For much of the past two centuries, Torah Judaism was forced to wage a constant, fierce battle for its very existence as it sought to counter one of the greatest frauds perpetrated in modern times.
From the very beginnings of what was then known as the haskalah movement, Gedolei Yisrael saw it as an existential threat. With the passage of the decades, it became ever more apparent how prescient their appraisal of this new movement was. The leaders of the reform were never satisfied with tearing away much of the youth from the hallowed path faithfully kept by their forefathers for generations through fraudulently selling their movement as a legitimate form of Judaism. They even had the audacity to label Torah Jews as “Orthodox” a label that has sadly stuck to this very day. As Harav Shamshon Raphael Hirsch so eloquently said it “It was not the ‘Orthodox’ Jews who introduced the word ‘orthodoxy’ into Jewish discussion. It was the modern ‘progressive’ Jews who first applied this name to ‘old’, ‘backward’ Jews as a derogatory term. This name was at first resented by ‘old’ Jews. And rightly so. ‘Orthodox’ Judaism does not know any varieties of Judaism. It conceives Judaism as one and indivisible.”
City after city, town after town, fell into the hands of the reform, decimating much of Western Europe, and leaving a devastating trail of destruction in Eastern Europe as well.
The United States, from almost coast to coast, was considered reform territory to such a degree that by 1926 one NYC professor predicted that within 50 years, Orthodox Judaism would cease to exist.
It was only due to the mesirus nefesh of the Torah-true Jews of those generations, under the fearless leadership of Gedolei Yisrael, leaders of those generations, and the great siyatta diShmaya they merited, that this professor proven wrong.
In recent years, as Torah Judaism merited a miraculous rebirth from the ashes of the Holocaust, with vibrant, rapidly growing communities along with the flourishing yeshivos, and conversely, as the reform communities saw their members dwindling and their influence fading, the tensions between the two camps significantly subsided. The overwhelming majority of reform Jews in America are tinokos shenishbu, whose rich heritage has been stolen from them due to no fault of their own, have no malice to their Orthodox brethren and have no interest in interfering with our way of life.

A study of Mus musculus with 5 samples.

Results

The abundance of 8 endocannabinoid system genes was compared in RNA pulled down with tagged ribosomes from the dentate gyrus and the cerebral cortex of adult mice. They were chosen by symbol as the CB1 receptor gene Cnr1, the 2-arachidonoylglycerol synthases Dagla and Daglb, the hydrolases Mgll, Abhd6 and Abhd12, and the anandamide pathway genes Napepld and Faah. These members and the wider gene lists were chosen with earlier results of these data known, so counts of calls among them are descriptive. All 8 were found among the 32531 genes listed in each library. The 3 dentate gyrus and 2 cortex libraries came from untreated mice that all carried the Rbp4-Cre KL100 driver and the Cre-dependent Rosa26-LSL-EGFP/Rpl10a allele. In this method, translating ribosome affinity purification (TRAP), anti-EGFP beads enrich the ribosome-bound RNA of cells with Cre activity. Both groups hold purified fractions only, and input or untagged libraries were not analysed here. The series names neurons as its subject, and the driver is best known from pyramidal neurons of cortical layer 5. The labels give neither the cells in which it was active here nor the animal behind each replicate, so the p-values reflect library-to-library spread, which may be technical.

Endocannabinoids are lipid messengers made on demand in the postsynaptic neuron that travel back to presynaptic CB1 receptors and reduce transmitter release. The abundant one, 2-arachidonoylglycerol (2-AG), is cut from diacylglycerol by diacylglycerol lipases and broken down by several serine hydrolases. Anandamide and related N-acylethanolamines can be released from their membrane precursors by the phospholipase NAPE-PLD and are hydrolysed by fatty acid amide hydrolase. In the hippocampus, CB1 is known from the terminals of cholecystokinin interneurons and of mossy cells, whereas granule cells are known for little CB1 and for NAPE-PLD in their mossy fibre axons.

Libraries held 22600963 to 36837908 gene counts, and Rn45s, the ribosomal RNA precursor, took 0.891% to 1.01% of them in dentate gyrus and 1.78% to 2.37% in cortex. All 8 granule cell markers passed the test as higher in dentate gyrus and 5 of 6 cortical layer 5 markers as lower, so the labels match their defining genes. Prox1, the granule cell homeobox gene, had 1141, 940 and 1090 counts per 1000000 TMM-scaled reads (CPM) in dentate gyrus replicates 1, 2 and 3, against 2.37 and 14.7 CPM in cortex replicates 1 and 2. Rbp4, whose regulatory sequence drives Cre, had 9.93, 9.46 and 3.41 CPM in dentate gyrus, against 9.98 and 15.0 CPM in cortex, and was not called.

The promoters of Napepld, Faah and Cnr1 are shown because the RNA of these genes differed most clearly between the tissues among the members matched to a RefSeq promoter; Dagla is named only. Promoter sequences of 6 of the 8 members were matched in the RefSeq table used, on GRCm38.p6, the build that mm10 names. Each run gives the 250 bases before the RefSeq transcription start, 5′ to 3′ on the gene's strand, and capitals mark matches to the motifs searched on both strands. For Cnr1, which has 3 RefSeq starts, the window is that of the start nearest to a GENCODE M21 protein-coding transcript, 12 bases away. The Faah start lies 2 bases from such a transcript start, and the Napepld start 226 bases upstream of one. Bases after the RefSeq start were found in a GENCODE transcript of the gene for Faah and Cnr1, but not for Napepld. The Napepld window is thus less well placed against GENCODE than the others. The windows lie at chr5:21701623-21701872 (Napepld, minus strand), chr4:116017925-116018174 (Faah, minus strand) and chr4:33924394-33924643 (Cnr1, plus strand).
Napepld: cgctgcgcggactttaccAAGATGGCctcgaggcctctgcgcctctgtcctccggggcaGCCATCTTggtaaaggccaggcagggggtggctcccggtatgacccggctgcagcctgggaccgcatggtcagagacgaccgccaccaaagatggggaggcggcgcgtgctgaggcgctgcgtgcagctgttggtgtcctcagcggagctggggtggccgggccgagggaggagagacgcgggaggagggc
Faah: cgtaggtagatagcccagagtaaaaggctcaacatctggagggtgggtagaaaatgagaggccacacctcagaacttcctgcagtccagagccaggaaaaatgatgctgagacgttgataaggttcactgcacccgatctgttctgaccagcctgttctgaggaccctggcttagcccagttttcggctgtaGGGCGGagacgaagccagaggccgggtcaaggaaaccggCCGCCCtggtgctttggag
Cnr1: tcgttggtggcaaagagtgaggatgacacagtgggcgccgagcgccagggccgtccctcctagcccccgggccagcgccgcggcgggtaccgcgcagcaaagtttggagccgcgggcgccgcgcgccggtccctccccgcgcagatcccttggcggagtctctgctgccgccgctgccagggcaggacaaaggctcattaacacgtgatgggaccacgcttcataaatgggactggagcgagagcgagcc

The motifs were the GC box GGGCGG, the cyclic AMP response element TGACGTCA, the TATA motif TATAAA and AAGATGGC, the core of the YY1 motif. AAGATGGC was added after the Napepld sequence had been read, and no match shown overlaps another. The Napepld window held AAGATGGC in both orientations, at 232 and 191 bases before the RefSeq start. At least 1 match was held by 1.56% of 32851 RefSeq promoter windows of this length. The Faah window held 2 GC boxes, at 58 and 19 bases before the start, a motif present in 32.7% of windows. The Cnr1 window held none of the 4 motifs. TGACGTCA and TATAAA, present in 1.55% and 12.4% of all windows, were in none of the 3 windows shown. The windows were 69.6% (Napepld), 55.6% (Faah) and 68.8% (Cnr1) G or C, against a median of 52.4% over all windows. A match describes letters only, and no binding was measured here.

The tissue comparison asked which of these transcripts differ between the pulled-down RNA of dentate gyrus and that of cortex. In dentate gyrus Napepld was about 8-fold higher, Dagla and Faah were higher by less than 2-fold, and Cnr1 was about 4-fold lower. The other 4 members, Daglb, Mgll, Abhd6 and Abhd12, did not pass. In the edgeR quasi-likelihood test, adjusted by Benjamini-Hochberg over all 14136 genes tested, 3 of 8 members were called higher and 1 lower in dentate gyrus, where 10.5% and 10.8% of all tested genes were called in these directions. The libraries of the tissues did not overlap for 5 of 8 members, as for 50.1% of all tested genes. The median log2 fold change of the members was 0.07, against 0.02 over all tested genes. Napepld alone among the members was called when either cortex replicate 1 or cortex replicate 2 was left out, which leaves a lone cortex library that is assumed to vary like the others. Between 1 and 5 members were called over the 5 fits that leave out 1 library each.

Surprisingly enough, it is in Eretz Yisrael, a land where the primary spiritual danger has long emanated from secular Zionism, and the reform population is relatively negligible, that there is now a new battleground.
In the latest chapter in the anguish-filled saga over the Kosel, the justices of the High Court of Israel issued a ruling on Wednesday which hinted that it is moving in the direction of ordering the government to accommodate outrageous demands of the reform-backed confrontation-seeking female provocateurs.
As we have previously noted in these pages, no mortal has the right to negotiate away the sanctity of the Kosel or sit idly by while it is being desecrated. Even if these provocateurs would indeed limit their nefarious plans to the Kosel, we dare not remain silent. But in reality, the Kosel is only the first step within a much broader battle plan.
This week, as part of our multi-week special coverage of the crisis over the Kosel, in the first of a two-part series, Rabbi Yaakov Menken explores the historical background leading up to this battle, and the real agenda of these provocateurs and their backers.
As Rabbi Menken writes, their real goal is to change the definition of Judaism in Israel, and seize control of the foundations of Jewish life: marriage, divorce, and conversion.
There are some who question the wisdom of turning this into a protracted battle at a time when Am Yisrael faces so many other threats and enemies.
A century-and-a-half ago, writing in his journal Jeschurun, Harav Samson Raphael Hirsch, zt”l, brilliantly responded to this challenge.
“Is not peace also a sacred value to the conscience of the Orthodox Jew? Is not shalom more important to him than any other consideration?” Rav Hirsch asks.
“Certainly not!” is his immediate response. “There are indeed circumstances under which I may, and indeed must, give up everything that is mine for the sake of preserving peace. There are circumstances under which I may, and indeed must, give up my property, my legal claims, and even refrain from making some injudicious remark in my social relationships, in order to preserve the peace, or to restore it. But I cannot restrain myself with what is not mine but G-d’s, the Divinely uttered truth, the integrity of my life. My peace with G-d, my peace with my conscience cannot be for sale. I must not sacrifice these values afterwards. Only once you have assured for yourself the truth of G-d, and you have obtained clarity about the truth of your own way of life may you seek peace with your fellow men.” (From “Secession From the Community,” Collected Writings, Volume VI)
These words remain as true and relevant today as they were a century and half ago. This is not a time for restraint but a time of action. The deafening silence of American Orthodoxy must come to an end and we must do our part to rise to the defense of the last remnant of the Beis Hamikdash.